As a land-grant university, UC Davis has both an opportunity and a responsibility to influence state and national policy makers with our expertise and scientific knowledge in ways that make California and the nation a better place to live and work. Faculty and staff already do that on a variety of issues and disciplines. Now, thanks to an exciting new program begun under the leadership of Amandeep Kaur, the Chancellor’s Science Fellow in my office, we will make some of our top graduate and professional students available through paid policy internships.
We actually began the Emerging Leaders in Policy and Public Service or ELIPPS program 18 months ago when we reached out to federal and state legislators and agency officials, as well as representatives from non-governmental agencies, think tanks and lobbying firms to come speak at a series of UC Davis workshops with graduate and professional students. Now, this month, we are launching the ELIPPS California Fellows program, the first cohort of paid policy internships for six graduate and professional students. I am excited about the program’s prospects, not just for the agencies we will be engaged with, but also for our students and the experience they’ll gain in the process. If this initial group of internships works as well as we expect, we intend to double the size of the program next year and also launch a Washington version. In addition, we plan to place future ELIPPS fellows with the UC Davis World Food Center and the Behavioral Health Center of Excellence that was created by state Proposition 63 funds for mental health programs.
Our graduate and professional students have a lot to offer. They are researchers, problem solvers and critical thinkers. They also instill in us a sense of hope and optimism for a bright and a prosperous future. We want these bright students to lend their perspectives to state and federal policy makers, who have the difficult challenge of trying to enact and carry out policy on many complex issues.
The ELIPPS program is designed to help produce future leaders who can take their rightful place in government and non-governmental agencies that deal with policy affecting the lives of millions of people in California, America and around the world.
In addition to Amandeep, I want to thank others who have stepped in to get this new program off the ground, including the College of Agricultural and Environmental Sciences; the College of Engineering; The UC Davis School of Law; the School of Veterinary Medicine; the UC Davis Internship and Career Center; the UC Center Sacramento; and the UC Davis Policy Institute for Energy, Environment and the Economy and the Office of Government and Community Relations. Thank you also to the state agencies our interns will be working in this summer.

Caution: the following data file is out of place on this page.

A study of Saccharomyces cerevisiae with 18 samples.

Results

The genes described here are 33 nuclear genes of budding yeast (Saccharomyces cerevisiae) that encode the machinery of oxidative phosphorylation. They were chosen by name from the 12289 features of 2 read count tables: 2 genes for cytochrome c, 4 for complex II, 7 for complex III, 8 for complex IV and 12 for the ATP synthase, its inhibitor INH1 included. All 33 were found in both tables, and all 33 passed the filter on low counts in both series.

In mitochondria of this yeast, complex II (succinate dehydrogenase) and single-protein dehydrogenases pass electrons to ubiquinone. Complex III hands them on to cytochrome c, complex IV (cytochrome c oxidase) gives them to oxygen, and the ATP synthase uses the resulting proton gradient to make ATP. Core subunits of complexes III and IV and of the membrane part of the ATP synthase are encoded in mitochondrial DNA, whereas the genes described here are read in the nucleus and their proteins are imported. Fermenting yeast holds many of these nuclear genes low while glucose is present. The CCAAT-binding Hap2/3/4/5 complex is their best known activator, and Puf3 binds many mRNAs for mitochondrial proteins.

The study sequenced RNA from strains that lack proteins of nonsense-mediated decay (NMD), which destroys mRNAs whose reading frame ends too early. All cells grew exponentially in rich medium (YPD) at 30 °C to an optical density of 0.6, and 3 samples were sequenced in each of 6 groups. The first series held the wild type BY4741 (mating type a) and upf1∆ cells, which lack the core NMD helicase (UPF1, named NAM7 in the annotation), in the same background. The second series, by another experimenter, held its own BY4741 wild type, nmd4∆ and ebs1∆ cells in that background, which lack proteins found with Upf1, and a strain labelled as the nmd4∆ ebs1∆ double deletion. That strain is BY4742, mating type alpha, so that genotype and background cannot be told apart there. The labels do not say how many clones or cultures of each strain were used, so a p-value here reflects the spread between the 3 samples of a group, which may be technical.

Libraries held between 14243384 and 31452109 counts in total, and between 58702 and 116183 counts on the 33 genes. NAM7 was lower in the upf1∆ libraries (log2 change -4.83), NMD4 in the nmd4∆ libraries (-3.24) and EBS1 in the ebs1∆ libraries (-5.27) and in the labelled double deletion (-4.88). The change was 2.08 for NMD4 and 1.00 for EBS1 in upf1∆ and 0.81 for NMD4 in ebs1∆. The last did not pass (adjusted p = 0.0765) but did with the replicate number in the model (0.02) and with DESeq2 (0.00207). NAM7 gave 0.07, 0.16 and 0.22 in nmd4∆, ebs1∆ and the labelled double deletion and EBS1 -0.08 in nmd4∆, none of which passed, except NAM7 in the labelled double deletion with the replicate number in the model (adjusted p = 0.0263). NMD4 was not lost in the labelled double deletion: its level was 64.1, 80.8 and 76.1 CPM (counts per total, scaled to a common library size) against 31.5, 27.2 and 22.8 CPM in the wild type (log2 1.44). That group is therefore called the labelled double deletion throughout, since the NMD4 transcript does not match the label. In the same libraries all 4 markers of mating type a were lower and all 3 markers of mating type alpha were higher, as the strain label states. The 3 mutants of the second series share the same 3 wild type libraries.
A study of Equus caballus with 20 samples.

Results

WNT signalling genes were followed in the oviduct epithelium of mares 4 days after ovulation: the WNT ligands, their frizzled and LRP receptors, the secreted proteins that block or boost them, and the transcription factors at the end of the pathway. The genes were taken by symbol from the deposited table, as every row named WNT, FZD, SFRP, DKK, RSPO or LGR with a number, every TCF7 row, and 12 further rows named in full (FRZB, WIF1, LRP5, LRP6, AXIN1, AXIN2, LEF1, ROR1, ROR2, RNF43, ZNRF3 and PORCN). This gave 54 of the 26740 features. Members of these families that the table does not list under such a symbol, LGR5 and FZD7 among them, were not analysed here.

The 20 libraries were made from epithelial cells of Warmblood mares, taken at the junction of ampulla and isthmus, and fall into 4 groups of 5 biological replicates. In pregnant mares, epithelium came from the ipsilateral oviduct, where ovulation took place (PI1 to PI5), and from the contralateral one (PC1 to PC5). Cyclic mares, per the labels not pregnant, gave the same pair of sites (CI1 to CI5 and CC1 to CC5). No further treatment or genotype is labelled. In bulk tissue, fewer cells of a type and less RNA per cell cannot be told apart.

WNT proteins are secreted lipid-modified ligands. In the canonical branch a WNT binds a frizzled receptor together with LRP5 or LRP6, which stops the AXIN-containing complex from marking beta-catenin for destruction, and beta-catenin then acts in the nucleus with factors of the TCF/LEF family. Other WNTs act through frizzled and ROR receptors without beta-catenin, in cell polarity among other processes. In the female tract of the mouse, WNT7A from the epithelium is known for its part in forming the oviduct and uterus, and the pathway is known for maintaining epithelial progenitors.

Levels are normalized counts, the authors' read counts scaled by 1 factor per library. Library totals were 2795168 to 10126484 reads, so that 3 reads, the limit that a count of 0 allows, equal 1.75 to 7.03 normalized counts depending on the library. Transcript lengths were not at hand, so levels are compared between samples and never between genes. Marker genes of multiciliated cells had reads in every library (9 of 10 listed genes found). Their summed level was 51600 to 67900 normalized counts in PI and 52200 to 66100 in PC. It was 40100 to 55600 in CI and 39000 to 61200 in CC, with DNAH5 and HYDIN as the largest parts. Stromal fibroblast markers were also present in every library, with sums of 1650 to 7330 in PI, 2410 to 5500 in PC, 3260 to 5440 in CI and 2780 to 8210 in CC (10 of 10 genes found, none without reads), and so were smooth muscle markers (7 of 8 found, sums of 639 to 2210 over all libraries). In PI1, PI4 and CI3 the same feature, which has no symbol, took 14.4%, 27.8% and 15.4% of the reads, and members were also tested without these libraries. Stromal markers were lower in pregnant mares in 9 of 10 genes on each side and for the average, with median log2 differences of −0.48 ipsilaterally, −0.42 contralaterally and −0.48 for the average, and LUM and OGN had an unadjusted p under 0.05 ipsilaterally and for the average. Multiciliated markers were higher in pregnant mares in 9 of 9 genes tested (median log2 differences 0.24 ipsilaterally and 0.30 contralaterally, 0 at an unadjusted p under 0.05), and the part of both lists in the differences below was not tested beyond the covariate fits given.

Now let me briefly introduce our first group of 2015 ELIPPS CA Fellows:
Melissa Rothstein is a student in the School of Veterinary Medicine who will be working as an ELIPPS fellow at the Central Valley Regional Water Quality Control Board. With her background in public policy and animal sciences, she hopes to explore the intersection between animal agriculture, wildlife, and water conservation. Her work will include policy research and analysis, and she looks forward to building strong and lasting relationships between the field of veterinary medicine and California government to encourage future collaborations.
Roxanne Strohmeier is a student in the UC Davis School of Law. She has been placed at the California Department of Health Care Services, (DHCS) where she will work as a clerk on the Administrative Litigation Team in the Office of Legal Services. She will conduct legal research related to the administration, oversight, and enforcement of California’s Medi-Cal Program, and will assist DHCS attorneys in drafting legal documents, reviewing evidence, and developing strategies and tactics for pending litigation related to the enforcement of Medi-Cal policies, statutes, and regulations.
From L-R: Melissa Rothstein, Roxanne Strohmeier, Olivia Filbrandt, Amandeep Kaur, ELIPPS Director, Matthew Palm, Elizabeth Anthony, and Kelly Gravuer.
Olivia Filbrandt is also a UC Davis law student and she has been placed at the California Governor’s Office of Planning and Research (OPR). During her ELIPPS internship she will work as a legal intern. Her projects will include reviewing and developing administrative regulations regarding implementation of the California Environmental Quality Act. Her work this summer will focus on sustainable transportation and reviewing the comprehensive update of California General Plan Guidelines, which advise local governments in drafting and adopting their general plans.
Matthew Palm is a PhD Candidate in Geography. He has been placed at the California Housing Finance Agency to work on lending programs that finance affordable housing construction. His focus will be on California’s housing policy following passage and implementation of SB 375, The Sustainable Communities Solutions Act.
Elizabeth Anthony is a PhD Candidate in Chemical Engineering who has been placed at the Center for Energy Efficiency and Renewable Technologies. She will be working on the California 2030 Low Carbon Grid Study, which addresses the ability of California’s electric grid to dramatically reduce greenhouse gas emissions by 2030. She will be analyzing technical data from computer modeling and report findings to stakeholders and policymakers.
Kelly Gravuer is a PhD Candidate in Ecology. She has been placed at the California Department of Food and Agriculture, where she will work on projects including the department’s Healthy Soils initiative that reward and enhance the contributions of California’s farms to improving environmental quality.